Richmond, gun rights, protest
The grand theme: “Come and take it.” Banners and placards throughout Richmond’s January 20 gun rights rally more or less dared gun control advocates to try and restrict gun access. Photo credit: Chris Gay / WhoWhatWhy

You say you’re patriots, but your menacing rhetoric suggests contempt for democracy.

Gun Violence

RICHMOND — The thousands of gun rights activists who filled Virginia’s state capitol grounds on Monday describe themselves as “Second Amendment patriots” eager to defend democracy. But the first thing you noticed about them was an implied contempt for democracy, at least as most people understand the term.

There was no shortage of placards and banners expressing variations on what appeared to be the event’s grand theme: “Come and take it.” As in, confiscate our guns and we’ll make you regret it.

 “If you have to give them your guns,” shouted one marcher to nods of agreement, “give ’em the ammo first.” Get it?

Richmond, gun rights, protest

MAGA heaven: Trump merchandise was everywhere. Photo credit: Chris Gay / WhoWhatWhy

OK, but what if a legitimate democratic majority were to succeed in, let’s say, renewing the federal ban on assault rifles? Would you ignore the ban or threaten those who try to enforce it? What sort of patriot would that make you? If you mean what you imply, in what sense are you upholding democracy?

The element of menace in much of Monday’s messaging showed a pronounced disregard for what other interest groups would consider bad optics. “Guns save lives” stickers are one thing; “We will not comply” and “We came unarmed this time” are quite another. What does that mean for next time?

Richmond, gun rights, protest

Photo credit: Chris Gay / WhoWhatWhy

By noon or so, when it was clear all would go peacefully, there was a palpable degree of sneering at the emergency decree issued by Democratic Gov. Ralph Northam barring weapons from the capitol grounds, a precaution prompted by reports of armed militia groups planning to make trouble. That left the small army of highly armed participants milling about the surrounding streets like those intimidating guards you see at European airports, except in overalls and Stonewall Jackson beards.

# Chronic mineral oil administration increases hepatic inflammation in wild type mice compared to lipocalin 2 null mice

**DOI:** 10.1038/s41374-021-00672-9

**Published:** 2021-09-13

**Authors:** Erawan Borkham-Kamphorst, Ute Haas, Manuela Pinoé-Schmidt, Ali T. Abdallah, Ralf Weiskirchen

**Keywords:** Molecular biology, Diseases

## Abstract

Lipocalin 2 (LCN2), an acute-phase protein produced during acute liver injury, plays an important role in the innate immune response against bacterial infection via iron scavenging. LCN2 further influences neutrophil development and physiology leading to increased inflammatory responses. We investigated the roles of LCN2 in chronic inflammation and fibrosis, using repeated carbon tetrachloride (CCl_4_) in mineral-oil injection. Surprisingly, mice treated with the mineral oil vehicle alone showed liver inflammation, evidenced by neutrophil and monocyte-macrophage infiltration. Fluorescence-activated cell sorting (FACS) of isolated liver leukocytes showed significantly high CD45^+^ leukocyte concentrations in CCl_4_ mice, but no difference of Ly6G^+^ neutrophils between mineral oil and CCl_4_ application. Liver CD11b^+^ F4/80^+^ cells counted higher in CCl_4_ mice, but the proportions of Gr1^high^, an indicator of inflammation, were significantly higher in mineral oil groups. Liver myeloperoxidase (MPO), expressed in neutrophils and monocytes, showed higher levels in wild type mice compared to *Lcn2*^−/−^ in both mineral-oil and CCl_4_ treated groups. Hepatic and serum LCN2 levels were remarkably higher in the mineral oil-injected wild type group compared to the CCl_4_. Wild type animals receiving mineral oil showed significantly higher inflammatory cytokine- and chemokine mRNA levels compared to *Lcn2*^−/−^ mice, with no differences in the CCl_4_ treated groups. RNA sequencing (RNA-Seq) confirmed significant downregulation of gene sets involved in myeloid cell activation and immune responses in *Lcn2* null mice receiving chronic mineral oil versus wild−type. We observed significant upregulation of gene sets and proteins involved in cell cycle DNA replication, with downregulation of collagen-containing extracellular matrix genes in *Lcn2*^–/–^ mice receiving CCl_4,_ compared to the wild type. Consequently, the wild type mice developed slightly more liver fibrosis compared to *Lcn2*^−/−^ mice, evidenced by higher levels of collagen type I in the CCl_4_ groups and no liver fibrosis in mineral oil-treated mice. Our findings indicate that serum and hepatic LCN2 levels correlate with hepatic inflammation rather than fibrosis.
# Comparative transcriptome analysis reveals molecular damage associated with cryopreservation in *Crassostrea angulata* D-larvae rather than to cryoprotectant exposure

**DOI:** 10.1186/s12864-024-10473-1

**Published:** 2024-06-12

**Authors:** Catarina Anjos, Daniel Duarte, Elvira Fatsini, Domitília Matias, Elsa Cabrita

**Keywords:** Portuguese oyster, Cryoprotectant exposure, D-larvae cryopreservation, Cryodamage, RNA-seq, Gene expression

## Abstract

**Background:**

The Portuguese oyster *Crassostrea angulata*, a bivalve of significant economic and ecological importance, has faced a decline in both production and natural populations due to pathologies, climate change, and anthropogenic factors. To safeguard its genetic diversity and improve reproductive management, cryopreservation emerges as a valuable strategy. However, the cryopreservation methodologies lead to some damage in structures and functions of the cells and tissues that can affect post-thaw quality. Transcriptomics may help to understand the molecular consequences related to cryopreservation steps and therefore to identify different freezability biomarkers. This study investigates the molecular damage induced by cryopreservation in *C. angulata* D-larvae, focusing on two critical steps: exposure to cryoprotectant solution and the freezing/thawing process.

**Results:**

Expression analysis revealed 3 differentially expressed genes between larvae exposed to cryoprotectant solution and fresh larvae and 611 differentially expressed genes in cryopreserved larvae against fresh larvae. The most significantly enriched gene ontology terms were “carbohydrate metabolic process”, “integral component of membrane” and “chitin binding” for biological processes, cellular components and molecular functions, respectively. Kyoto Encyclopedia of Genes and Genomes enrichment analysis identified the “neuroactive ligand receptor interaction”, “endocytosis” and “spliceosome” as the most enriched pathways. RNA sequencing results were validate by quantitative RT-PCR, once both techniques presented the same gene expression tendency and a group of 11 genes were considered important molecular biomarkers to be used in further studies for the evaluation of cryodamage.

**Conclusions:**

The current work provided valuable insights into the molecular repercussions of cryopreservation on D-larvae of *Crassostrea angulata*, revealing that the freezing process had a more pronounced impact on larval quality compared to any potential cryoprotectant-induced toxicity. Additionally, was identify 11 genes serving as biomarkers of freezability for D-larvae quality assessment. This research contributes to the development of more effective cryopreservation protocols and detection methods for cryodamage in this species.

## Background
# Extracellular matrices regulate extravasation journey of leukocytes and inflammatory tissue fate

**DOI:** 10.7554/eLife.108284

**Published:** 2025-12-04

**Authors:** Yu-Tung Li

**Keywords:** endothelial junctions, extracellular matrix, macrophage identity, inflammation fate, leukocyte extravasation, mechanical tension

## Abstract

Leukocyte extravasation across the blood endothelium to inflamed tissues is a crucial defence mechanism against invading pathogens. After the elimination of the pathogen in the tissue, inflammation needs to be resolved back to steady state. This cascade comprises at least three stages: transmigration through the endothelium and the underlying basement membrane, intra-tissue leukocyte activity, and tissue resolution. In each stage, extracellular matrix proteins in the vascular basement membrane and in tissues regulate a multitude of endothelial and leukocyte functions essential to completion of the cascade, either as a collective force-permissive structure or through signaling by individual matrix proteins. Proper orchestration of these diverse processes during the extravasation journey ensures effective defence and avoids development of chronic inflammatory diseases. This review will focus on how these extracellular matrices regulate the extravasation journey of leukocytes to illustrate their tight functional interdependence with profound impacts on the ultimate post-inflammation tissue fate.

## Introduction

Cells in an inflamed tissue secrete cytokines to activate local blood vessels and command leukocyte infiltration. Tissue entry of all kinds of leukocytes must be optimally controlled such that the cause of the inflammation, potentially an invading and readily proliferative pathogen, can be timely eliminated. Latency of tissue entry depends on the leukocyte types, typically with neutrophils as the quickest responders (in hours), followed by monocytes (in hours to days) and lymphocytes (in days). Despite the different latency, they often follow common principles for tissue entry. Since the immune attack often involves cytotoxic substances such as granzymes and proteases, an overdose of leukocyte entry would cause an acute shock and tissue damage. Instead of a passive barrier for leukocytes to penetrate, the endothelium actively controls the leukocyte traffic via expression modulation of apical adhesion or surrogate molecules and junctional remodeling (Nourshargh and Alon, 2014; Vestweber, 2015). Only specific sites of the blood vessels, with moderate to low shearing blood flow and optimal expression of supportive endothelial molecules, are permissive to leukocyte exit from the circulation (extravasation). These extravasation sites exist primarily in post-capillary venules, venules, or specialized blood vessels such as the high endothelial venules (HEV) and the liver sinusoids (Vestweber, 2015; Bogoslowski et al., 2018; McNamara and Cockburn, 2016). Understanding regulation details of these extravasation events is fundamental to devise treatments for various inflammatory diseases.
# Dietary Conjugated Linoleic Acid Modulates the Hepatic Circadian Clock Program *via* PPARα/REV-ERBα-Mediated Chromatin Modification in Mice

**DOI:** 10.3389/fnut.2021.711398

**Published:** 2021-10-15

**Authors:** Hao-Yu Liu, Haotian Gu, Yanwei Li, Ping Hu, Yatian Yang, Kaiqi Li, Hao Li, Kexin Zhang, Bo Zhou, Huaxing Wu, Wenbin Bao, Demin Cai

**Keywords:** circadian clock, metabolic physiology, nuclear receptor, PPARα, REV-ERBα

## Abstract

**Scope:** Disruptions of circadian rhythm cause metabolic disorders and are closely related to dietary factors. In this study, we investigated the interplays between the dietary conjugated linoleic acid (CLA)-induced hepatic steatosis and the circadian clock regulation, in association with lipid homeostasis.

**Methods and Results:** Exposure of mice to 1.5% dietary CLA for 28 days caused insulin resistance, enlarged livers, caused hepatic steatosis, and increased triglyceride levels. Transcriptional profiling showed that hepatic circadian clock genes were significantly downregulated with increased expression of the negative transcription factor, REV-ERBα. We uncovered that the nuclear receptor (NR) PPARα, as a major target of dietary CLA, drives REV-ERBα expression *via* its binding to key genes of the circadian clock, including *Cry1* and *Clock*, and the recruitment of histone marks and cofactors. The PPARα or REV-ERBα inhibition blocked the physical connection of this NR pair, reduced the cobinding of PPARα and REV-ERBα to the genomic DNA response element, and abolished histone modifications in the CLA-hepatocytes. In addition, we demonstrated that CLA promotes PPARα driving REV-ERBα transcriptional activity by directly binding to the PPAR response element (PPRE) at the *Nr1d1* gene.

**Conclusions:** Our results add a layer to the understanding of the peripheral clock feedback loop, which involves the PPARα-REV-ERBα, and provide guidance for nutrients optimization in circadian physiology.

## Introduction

Richmond, gun rights, protest

While gun rights was the main theme, there was plenty of flak for leftish figures. Photo credit: Chris Gay / WhoWhatWhy

“So how about that state of emergency?” said a woman to no one in particular, prompting snickers of derision. You could sense the spot consensus: Woke liberals had overreacted, as usual. Northam and the anti-gun constituency had merely wanted to stigmatize the event in advance and scare off attendees.

Maybe, but it’s not unreasonable to take precautions when aggressive men with guns are coming to town loaded for bear, so to speak. Virginia is an open-carry state, so the clusters of patriots bristling with assault rifles and Don’t Tread On Me flags was less provocative in Richmond than it would be on, say, the Upper East Side of New York. But at a moment when everyone is fretting over polarization and the increasing ugliness of public discourse, the calculated provocations even of faux live-free-or-die militias don’t help matters.

Richmond, gun rights, protest

Lightly veiled threats were a common theme, as was the association of gun control with tyranny. Photo credit: Chris Gay / WhoWhatWhy

Related front page panorama photo credit: Adapted by WhoWhatWhy from Anthony Crider / Flickr  (CC BY 2.0) and VCU Capital News Service / Flickr (CC BY-NC 2.0).